I haven't blown myself up. Not yet anyway.

By Saghi (Sasha) Michaelis
July 16, 2002
The Iranian

"What's wrong with you people, blowing yourselves up and all?" Dave blasted. "I mean what makes a person do it? Religion? Poverty? Lack of education?"

We were invited to a wine tasting party in La Jolla and were having a reasonable time, though my husband and I were rather disappointed in the quality of the wine and the party in general. Once again we both wondered why we had expected anything else from an American festivity. I mean do these people know how to have fun?

On top if it, as if I really needed this, I was being attacked by this young lawyer whose body, hair, and eyes the talk of the town between all single women I know. That day I came to realize Dave is also an American Jew.

His "what's wrong with you people" made my mouth open slightly in shock. I held on to my wine glass firmly. My husband fidgeted next to me. I was surprised that this nice young man, a few years older than myself, would suddenly go off on me like this.

"I dated this Iranian girl once. Real beautiful and nice! I just don't get it! Why is your country so screwed up? This whole notion of Jihad comes from your religion. So explain it to me, will you? Did you guys kill all the other religious groups in your country? All the Jews? Is that why all of Iran is Islamic? Oh by the way, are you a practicing Islam... or do you say Moslem?"

I was about to explain that to the horror of my grand mother, as a child of the Iranian revolution, I have absolutely no understanding or desire for religion, in any shape or form. However, I was feeling very hot at the moment. "Yes, I'm a Moslem," I said.

"So tell me, what goes into your minds when you blow yourselves up? Don't tell me it's poverty or lack of education, because we've got tons of that in Africa and none of those Africans go around blowing themselves up. What's wrong with you people?"

"I haven't blown myself up." I pointed out with a wide grin. "Not yet anyway."

A few people, except him of course, laughed. Meanwhile I frantically wondered where I should begin. Should I speak of the formation of the Israeli state, the injustices done to the Palestinians, the fleeing of my own family from my homeland, a country we all still dearly love?

Should I speak of the deprivation, the suffering caused by all that has been destroyed for so many Palestinians? After all, why would any sane person in his right mind blow himself up, unless for the mere fact that he has nothing more to lose? Of course, this doesn't explain everything. There are always two sides to a story.

He kept going at it, discussing politics with me, but I had tuned him out long ago. It was my husband who brought me back to reality. Apparently, although I have become immune to such views, spoken or unspoken, he can still become irritated enough to respond.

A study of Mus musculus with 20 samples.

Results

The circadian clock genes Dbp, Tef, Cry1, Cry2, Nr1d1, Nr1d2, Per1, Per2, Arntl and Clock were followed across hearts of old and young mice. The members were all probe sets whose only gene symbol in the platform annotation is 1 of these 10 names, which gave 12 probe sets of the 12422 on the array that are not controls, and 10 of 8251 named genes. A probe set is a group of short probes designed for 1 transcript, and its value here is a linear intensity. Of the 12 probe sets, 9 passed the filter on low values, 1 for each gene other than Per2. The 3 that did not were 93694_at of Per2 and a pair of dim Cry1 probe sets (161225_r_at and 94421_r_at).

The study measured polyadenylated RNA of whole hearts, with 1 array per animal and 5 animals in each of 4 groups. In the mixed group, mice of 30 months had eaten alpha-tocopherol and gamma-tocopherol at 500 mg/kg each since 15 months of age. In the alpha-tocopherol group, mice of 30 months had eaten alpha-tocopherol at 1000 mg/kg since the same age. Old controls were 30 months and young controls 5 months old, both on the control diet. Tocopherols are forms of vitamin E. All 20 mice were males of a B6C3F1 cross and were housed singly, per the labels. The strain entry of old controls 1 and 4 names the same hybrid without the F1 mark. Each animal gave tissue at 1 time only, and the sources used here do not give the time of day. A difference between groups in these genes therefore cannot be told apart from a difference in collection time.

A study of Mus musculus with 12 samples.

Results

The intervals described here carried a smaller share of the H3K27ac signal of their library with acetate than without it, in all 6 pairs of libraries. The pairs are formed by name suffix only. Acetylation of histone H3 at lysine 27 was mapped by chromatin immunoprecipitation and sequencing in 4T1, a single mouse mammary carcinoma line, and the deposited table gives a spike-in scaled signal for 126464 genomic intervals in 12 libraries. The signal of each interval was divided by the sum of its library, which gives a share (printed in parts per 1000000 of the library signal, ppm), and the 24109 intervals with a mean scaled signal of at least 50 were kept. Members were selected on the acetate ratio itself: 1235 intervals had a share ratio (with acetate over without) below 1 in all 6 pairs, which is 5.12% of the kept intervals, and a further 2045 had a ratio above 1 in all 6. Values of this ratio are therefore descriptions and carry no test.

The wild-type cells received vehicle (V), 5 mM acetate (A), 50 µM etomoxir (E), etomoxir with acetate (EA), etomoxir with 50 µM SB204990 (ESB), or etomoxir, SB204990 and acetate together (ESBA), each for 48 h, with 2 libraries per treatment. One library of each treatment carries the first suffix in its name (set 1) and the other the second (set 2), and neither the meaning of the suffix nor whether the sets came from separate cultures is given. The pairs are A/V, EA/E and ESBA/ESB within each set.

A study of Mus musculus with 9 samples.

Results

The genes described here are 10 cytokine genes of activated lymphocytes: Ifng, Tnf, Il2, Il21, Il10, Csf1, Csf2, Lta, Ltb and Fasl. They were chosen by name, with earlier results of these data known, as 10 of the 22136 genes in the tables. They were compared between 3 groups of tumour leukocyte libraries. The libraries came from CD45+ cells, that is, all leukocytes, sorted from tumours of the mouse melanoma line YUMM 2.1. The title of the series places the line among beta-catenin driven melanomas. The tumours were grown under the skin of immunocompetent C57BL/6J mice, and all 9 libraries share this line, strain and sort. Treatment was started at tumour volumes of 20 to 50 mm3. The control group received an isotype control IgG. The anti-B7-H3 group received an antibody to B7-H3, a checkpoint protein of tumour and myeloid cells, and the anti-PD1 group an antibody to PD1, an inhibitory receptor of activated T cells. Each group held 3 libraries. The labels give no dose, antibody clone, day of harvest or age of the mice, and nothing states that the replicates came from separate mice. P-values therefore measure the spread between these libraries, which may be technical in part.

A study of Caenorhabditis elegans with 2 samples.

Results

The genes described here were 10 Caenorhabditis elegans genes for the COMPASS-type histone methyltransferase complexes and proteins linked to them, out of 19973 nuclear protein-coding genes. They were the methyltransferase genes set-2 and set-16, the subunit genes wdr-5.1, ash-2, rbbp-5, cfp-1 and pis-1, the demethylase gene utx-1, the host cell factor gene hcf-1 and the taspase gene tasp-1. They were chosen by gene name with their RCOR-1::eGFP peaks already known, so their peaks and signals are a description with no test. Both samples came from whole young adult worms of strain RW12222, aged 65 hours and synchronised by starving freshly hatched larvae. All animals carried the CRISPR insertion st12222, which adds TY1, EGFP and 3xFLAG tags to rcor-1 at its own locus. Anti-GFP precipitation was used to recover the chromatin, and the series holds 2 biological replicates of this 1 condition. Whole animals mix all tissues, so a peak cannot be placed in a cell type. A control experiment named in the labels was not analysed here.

"Well, you know, Americans haven't done the right things politically in many countries. This would never happen here. This is a country based on freedom." Apparently he was not listening.

"Freedom for Americans maybe, but the rule doesn't apply to those countries American foreign policy has damaged, does it?"

Dave stopped for a second, eying my husband. I knew what he was thinking: these Jew-hating Germans! But my husband is anything but that. More so, as a young child he has lived in the Middle East and loves it, almost with the same intensity I do.

"It's amazing," Dave responded, coming back to the subject. "Christians hate the Moslems, Moslems hate the Christians, and all of them hate the Jews."

"If it's any consolation," I said. "I don't hate you."

A few more people laughed. I could have told him what I thought, as I had done too many times before with others. I could have gone into details, historical explanations, like my father had always fruitlessly done. I could have tried to make him see the world as we see it, but why? Why should I waste time on another ignorant fool so wrapped up in his own religion, his way of thought, that I can no longer differentiate him from those fanatic Hezbollahis I had grown to despise as a child.

I had a choice. I could stay and argue like I had done so many times before. I could try and explain. Maybe he would understand. Maybe he would see things from the other side of the fence. But it would be a waste of breath. I knew that already. And it wouldn't solve the real problem.

Besides I was tired ... tired of it all: Tired of missing Iran and its warm Tehran nights, tired of this cold ruthless distance, tired of the anger I still feel towards those revolutionary guards roaming the streets in Tehran, tired of the extremists crushing the reform movement, tired of the fighting in Palestine and Israel, tired of the ignorance in this country, tired of the nostalgia, tired of the memory of so much that has been lost....

I am just simply honestly deeply tired.

I made my choice, right or wrong: I turned and walked away.